Corey Martinez
News Reporter

With the overflow of school assignments and classroom drama it’s easy to lose focus on what matters the most – your health.

Fourth year Kinesiology students at the University of Guelph-Humber held an Obesity Awareness event on Thursday morning, part of showcasing the institution’s chapter of Canadian Obesity Network.

The students set up a trivia game in the main atrium where participants tested their health knowledge. There was also a raffle for gym memberships, yoga mats and duffel bags to help kick start a healthier lifestyle.

“When your mental health is low you won’t want to eat as well or get outside as much.” said Rebecca Speare, 21, a kinesiology student.

“It’s a vicious cycle where they add to each other when low,” she said. “Trying to be happy and healthy is beneficial in all aspects.”

Obesity is a chronic condition that continues to get worse without proper care and it is diagnosed when excessive body fat starts to threaten one’s health.

“Obesity isn’t just a calorie in and calorie out condition,” said Jordan Lee, 23, a Kinesiology student at Guelph-Humber.  “There are many factors that can affect someone.”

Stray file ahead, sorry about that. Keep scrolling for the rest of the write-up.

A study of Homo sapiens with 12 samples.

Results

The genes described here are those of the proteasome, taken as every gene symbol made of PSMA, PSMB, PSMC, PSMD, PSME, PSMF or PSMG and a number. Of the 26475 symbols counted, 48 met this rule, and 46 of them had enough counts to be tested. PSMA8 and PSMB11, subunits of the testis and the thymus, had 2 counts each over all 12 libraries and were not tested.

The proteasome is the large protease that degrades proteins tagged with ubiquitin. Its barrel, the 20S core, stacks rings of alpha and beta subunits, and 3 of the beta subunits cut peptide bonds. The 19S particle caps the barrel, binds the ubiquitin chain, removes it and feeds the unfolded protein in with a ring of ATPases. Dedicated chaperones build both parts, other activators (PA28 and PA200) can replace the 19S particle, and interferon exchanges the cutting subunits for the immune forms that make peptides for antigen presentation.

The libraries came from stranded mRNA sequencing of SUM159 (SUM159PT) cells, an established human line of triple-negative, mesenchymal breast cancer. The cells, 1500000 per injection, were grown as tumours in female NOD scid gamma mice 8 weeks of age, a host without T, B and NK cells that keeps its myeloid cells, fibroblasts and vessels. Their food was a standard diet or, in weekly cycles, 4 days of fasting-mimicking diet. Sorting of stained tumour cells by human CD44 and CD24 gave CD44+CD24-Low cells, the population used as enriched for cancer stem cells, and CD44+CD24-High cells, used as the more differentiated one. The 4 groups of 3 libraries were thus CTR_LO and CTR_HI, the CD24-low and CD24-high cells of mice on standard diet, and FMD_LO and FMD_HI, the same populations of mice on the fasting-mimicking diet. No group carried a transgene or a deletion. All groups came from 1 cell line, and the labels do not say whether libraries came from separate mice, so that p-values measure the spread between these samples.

He listed poor mental health, un-healthy eating habits and genetics as factors that may be contributing factors to obesity.

“We’re trying to get people to think about that when they come in today,” Lee said.

A 2014 report from Statistics Canada showed 199,623 Canadians self-reported as being obese. The Canadian Medical Association classified obesity as a disease in October and ruled it is a condition that requires more research, treatment and prevention.

The Canadian Obesity Network is a nationwide network with chapters in schools all across Canada. Its vision is to be the leading voice for obesity and to help improve the quality of life of Canadians living with the condition.

Kinesiology professor Janet Pritchard had the opportunity to start up a chapter at Guelph-Humber and students were more than willing to get on board.

“It makes me feel proud that they’re willing to spend time and promote the message about obesity,” she said.

“It’s not just a problem of somebody being too lazy to exercise or consuming too many calories. There are a lot of other dimensions that we’re trying to educate everyone on.”

Long commutes, sedimentary lifestyles and lack of sleep are sometimes a part of life but even small acts of activity in one’s daily routine may help maintain health.

“For every hour in front of a screen, get up and take a five minute walk or just get up and move around,” said Lee. “It doesn’t even have to be a lot of activity, but just moving around can help.”